Karim Mane's future still uncertain due to COVID-19
Karim Mane could have gone to CEGEP at Champlain or Édouard-MontPetit. In many ways going there would have been easier choice considering the 19-year-old Mane lives in the Longueuil, Quebec, right around the corner from those schools. But that's not how Mane thinks.
Instead the 6-foot-4 guard — ranked as a five star prospects by both 247Sports and Rivals — is patient. It doesn't bother him that Vanier College is a two hour commute each way to and from his house. He was determined to play for the Cheetahs because he knows it's what's best for his basketball future.
Lately, that kind patience and determination has come in handy.
While the NCAA recruiting world has continued largely without hiccup despite the COVID-19 pandemic, Mane is in no hurry to make a decision regarding his future.
"It's unfortunate that everything that has happened happened, but I'm just glad that I'm in the position I'm in today," Mane said. "I have a lot of options for NCAA schools and I'm glad I put myself in this position. ... I'm not really stressed or anything."
The biggest disruption for Mane has been the stoppage of all official NCAA recruiting visits and the closure of the Canada-U.S. border. He was planning on visiting a few more universities this spring after his Vanier basketball season ended. Most notable among those visits, according to Mane, was supposed to be his trip to Lansing, Michigan, where he had planned to check out Michigan State.
"I think that probably would have been his last visit," Vanier College basketball coach Andy Hertzog said.
Though Mane remains steadfast in his desire to visit the programs, he and Hertzog have discussed the possibility of committing to a university without setting foot on campus.
"What's important for me an my family is just to take a visit, visit the school and get to see the facility in person and everything before making a decision, we're kind of set on that right now," Mane said. "Eventually if the situation forces us to make a decision without visiting, than I'll probably have to talk to my parents about it again."
Mane's patience could create a bit of a problem for him if one of his desired programs decides it can't wait any longer and opts to recruit over him, either by taking another uncommitted high school prospect or by looking into the transfer portal.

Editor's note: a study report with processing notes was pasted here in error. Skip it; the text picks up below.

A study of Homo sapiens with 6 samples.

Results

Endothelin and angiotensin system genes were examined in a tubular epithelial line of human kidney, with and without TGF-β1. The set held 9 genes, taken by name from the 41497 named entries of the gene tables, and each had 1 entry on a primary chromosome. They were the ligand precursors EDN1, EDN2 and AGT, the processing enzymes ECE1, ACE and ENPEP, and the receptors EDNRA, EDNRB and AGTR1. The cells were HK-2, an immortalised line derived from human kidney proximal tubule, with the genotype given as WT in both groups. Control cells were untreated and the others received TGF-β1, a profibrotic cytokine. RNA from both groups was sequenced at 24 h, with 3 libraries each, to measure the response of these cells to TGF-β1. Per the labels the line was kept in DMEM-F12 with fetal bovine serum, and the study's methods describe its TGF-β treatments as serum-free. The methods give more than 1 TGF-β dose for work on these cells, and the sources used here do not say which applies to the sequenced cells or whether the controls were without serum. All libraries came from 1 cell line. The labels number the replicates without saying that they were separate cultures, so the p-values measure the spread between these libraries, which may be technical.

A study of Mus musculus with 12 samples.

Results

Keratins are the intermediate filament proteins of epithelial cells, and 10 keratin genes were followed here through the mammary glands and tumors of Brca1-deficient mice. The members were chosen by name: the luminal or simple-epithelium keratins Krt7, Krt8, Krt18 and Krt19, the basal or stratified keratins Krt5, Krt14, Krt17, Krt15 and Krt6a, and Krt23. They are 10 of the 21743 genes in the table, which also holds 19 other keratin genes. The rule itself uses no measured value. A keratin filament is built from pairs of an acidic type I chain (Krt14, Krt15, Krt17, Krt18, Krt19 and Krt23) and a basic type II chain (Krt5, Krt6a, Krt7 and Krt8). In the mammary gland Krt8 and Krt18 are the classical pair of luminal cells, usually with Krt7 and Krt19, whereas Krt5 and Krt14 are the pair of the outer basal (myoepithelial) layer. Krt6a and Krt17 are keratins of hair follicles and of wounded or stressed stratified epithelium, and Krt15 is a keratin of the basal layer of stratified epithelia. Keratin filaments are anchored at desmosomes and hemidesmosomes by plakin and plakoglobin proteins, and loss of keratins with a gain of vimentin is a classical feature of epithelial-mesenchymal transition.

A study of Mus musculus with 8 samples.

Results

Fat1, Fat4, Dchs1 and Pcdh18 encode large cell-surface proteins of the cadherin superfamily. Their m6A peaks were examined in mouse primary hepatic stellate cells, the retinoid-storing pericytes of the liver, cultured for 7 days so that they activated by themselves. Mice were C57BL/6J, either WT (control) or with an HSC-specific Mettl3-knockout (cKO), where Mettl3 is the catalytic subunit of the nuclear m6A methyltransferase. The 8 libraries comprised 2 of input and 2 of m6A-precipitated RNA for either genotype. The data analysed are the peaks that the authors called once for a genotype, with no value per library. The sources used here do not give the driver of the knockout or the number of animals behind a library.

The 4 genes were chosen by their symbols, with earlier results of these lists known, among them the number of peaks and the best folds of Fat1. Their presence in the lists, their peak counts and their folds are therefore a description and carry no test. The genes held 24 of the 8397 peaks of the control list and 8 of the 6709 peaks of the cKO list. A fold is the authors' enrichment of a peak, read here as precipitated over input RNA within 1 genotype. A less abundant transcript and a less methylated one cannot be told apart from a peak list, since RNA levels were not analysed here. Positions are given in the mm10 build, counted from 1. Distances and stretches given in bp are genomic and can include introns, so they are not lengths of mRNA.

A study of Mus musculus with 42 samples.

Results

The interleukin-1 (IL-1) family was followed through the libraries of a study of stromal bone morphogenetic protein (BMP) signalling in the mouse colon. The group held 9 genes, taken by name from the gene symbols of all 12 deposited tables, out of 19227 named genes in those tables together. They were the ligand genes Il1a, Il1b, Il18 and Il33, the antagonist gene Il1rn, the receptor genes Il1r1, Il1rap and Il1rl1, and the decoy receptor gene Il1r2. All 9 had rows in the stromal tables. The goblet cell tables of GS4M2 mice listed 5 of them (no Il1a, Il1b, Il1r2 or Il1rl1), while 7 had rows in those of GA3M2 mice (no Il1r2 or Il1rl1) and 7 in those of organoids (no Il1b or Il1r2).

That's a possibility not lost on Mane, but one he's not too worried about.
"There's not really been any pressure," he said. "That subject has been brought up by the coaches, but they respect my decision. They've put themselves in my shoes and they respect my timeline and everything."
It'll be up to the college programs to decide if they want to wait for Mane, who is considered one of the most highly touted prospects to ever come out of Quebec.
In his three years at Vanier, Mane has seen his scoring average jump from 8 points per game to 15.9 this past year.
"In his first year with us he shot 20% from 3," Hertzog said. "There was nothing particularly wrong with his shot, we made a few minor tweaks, but it was just a question of consistency. But I told him, 'Karim, if you can become a consistent 3-point shooter you're unguardable,' and he spent so much time with the shooting machine that I told him he had to name it because it was officially his girlfriend."
Between his freshman and sophomore seasons, Mane's 3-point shooting percentage jumped from 19% to 37%. And though it took a dip this season, when he shot 21% from behind the arc, Vanier assistant coach Feras Saaida said he isn't too worried about Mane fixing that problem.
"He has the work ethic, he has all the physical tools," Saaida said. "Once he gets that (3-point shooting) done, I think he'll be really good if he's physically healthy."
From a scout's point of view, Mane is the kind of prospect Canadians will want to keep an eye on.
"He is maybe the most fluid athlete I’ve scouted in Canada," said Wesley Brown, a Canadian basketball scout and president of The Monday Morning Scouting Report. "With some refinement in college there’s no limit to how good he can be."
Correction: April 8, 2020
An earlier version of this article incorrectly stated Mane's scoring average. He averaged 8.1 points per game in his freshman year and 15.9 in his junior season.